ERIN, Wis. – Hideki Matsuyama appeared in danger of missing the cut after an opening-round 74 at the U.S. Open. But after turning things around in a big way, the Japanese phenom is now in contention to win his first major.
Matsuyama came out firing Friday at Erin Hills, with birdies on six of his first eight holes to challenge the tournament’s nine-hole scoring record. He ultimately shot a bogey-free 65, one that vaulted him to 5 under and within two shots of four co-leaders.
“I’m very excited and very happy with the score,” Matsuyama said. “There were a couple of loose swings out there, but when you shoot 65, you can take those.”
Matsuyama’s score equaled Chez Reavie for the day’s low round and tied the total Rickie Fowler posted to take the opening-round lead.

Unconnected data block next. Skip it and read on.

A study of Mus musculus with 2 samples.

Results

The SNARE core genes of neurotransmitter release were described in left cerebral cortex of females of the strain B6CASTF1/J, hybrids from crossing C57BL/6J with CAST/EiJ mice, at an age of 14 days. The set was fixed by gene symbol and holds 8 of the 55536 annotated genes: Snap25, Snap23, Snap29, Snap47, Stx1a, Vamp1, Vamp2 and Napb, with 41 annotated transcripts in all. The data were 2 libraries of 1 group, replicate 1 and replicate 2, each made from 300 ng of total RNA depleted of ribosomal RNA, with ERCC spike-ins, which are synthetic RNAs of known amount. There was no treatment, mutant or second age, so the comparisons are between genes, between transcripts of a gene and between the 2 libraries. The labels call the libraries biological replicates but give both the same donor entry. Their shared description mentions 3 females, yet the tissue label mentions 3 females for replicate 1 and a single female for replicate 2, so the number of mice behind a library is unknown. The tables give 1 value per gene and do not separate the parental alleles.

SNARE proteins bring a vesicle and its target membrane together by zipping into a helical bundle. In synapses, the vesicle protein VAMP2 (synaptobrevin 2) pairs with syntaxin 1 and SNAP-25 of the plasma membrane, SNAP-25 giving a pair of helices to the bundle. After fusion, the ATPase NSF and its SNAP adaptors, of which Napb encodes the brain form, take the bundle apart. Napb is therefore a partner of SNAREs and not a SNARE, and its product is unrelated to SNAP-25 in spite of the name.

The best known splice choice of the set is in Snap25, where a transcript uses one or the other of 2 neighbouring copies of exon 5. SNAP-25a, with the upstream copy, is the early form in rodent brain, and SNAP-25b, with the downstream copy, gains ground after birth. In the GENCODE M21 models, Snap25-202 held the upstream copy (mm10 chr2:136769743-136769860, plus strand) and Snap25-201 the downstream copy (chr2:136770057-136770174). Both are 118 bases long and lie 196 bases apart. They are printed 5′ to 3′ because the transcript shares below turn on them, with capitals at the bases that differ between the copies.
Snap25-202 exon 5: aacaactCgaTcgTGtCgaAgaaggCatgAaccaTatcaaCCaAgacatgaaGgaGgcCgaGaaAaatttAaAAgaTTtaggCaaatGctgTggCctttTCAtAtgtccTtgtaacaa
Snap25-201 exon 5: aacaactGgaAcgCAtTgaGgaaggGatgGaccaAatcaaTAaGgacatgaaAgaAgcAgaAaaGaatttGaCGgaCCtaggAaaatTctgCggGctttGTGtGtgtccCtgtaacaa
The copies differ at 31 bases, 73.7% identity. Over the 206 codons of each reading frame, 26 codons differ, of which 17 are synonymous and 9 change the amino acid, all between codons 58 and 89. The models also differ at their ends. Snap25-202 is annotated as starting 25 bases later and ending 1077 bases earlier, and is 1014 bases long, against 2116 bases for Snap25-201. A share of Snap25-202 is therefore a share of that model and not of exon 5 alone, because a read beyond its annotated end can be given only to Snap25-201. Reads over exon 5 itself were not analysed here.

After hitting only 9/14 fairways and 9/18 greens in regulation during the first round, Matsuyama missed only one fairway and had birdie chances on 14 of the 18 greens. While the ball-striking numbers were up, the world No. 4 attributed his turnaround on the scorecard to his ability to hole putts by the handful.
“Shooting a good score today gave me a lot of confidence,” he said. “I really haven’t been hitting the ball well as of late. To shoot a good round like today, I’m certainly looking forward to the weekend.”
Matsuyama was the hottest player in the world to close last year, but he has largely cooled since a playoff victory at the Waste Management Phoenix Open in February that remains his last top-10 finish. But he now has a chance to break out of that mini-slump, and in the process has an eye on becoming the first Japanese man to win a major championship.
“I really can’t think about it until maybe after I win,” he said. “But anytime a Japanese can win a major, it would be great for the golf world of Japan.”